While the term “Precision Medicine” is of fairly recent origin, the desire to provide accurate and unerring care for patients is a fundamental principle in the practice of medicine. It is the basis, for example, in the deliberate care taken to make sure patients in need of blood transfusions are matched with the correct blood type. In this new series, Dr Khor Ing Wei explains how precision medicine is using additional pieces of information such as genetic data to open an exciting new window of possibilities.
Firstly, what is precision medicine?
As opposed to a “one size fits all” approach, precision medicine uses relevant biological, medical, behavioural and environmental information about a person to tailor their healthcare.
What does it mean for your health?
Various types of information helps doctors to better predict patients’ disease risk, allows doctors to make more accurate diagnoses and select therapies that are more likely to work for a particular patient or group of patients. Researchers can also mine the data to develop new, more effective therapies.
How is it different from today’s medicine?
Doctors already use information about us when deciding how to treat us. Currently, this information mostly consists of characteristics such as gender, body weight and ethnic group, as well as simple measurements such as blood sugar, cholesterol, and blood pressure.
One of the big advantages of precision medicine is that it also considers genetic factors, which explain up to 30% of health, such as how long one lives and which diseases may affect a person. Now, technology has advanced to the point where genetic sequencing of people is much more affordable, allowing us to study and understand the genetic contribution to disease better than ever before.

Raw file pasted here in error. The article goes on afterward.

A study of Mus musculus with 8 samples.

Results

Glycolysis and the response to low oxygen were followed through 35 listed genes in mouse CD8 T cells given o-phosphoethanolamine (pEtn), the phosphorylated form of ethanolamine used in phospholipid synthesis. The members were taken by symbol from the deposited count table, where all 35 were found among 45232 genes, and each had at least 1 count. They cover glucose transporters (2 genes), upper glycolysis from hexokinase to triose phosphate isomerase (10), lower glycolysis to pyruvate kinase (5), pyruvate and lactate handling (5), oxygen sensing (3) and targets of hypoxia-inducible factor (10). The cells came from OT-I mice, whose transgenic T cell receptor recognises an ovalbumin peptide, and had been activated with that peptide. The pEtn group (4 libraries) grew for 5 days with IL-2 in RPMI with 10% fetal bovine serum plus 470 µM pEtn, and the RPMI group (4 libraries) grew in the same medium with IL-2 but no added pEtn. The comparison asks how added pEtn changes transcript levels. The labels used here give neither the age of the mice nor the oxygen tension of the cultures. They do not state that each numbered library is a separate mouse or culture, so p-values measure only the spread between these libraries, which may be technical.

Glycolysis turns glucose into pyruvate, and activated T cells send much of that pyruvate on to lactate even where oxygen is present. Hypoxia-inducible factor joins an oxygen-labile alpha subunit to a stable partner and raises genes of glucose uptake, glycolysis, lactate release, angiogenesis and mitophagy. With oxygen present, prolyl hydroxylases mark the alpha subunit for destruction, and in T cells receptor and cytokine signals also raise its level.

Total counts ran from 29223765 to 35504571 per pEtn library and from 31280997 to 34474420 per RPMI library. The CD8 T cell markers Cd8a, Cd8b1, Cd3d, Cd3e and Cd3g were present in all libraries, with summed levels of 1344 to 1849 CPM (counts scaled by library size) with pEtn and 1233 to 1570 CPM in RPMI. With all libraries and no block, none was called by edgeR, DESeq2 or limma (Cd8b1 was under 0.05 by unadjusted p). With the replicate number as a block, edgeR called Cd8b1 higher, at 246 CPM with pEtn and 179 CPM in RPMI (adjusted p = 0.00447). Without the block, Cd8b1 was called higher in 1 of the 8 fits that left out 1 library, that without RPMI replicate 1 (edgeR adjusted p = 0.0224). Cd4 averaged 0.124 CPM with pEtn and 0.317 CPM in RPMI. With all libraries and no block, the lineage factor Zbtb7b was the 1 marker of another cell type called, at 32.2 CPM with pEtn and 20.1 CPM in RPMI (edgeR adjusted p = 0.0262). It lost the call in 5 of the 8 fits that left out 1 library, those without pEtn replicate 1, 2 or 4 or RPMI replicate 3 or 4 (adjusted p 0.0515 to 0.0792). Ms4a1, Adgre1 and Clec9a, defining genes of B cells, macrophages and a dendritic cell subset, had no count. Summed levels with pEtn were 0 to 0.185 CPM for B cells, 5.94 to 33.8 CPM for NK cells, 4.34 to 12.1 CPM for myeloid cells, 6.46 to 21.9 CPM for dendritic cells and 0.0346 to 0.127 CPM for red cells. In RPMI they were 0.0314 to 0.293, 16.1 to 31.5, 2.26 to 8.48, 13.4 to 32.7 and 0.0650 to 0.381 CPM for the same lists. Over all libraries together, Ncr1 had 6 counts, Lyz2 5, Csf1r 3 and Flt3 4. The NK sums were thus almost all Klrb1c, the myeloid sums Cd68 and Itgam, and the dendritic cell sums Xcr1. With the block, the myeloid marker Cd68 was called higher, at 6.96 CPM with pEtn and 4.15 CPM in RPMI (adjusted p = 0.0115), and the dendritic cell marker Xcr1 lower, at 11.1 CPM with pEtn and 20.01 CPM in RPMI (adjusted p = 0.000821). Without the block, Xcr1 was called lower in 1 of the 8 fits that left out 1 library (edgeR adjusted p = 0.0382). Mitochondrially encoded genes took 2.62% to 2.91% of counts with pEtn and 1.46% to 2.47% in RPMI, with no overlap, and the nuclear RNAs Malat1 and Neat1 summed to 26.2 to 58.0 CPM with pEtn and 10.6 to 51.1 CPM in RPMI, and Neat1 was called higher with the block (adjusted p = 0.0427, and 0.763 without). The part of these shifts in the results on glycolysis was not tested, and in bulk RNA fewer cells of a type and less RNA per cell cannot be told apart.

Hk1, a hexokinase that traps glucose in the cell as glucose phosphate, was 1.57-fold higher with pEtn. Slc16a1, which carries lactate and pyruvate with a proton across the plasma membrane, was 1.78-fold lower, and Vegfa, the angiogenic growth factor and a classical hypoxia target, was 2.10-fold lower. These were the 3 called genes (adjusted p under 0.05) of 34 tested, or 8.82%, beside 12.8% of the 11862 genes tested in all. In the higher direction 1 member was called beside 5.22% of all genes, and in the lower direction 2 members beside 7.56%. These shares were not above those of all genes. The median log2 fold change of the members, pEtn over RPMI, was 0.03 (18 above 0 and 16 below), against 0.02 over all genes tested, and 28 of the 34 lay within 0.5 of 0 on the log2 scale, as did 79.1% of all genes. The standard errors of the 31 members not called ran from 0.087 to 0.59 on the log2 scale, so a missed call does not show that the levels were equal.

A quick refresher about genes and genetic variants
Genes contain the basic information needed to code for the proteins, cells and tissues that make up all living things. They play a role in determining our physical characteristics. More importantly, genes determine how individual organs and cells work in our body.
Our genes are coded as sequences of 4 letters, C, G, A and T. Differences in one or more of these letters are called genetic variants. Genetic variants are part of what make us unique. They determine how vulnerable we are to certain diseases and how we respond to foods, medications, exercise and toxins. Genetic variants can be passed down from parents to children.
We are deeply saddened by the loss of a well-respected figure in Singapore’s former judge and Chief Justice Mr Yong Pung How and extend our heartfelt condolences to the family. Mr Yong will be remembered for his wisdom, unassuming nature and generosity of heart, manifested in his myriad contributions to the community.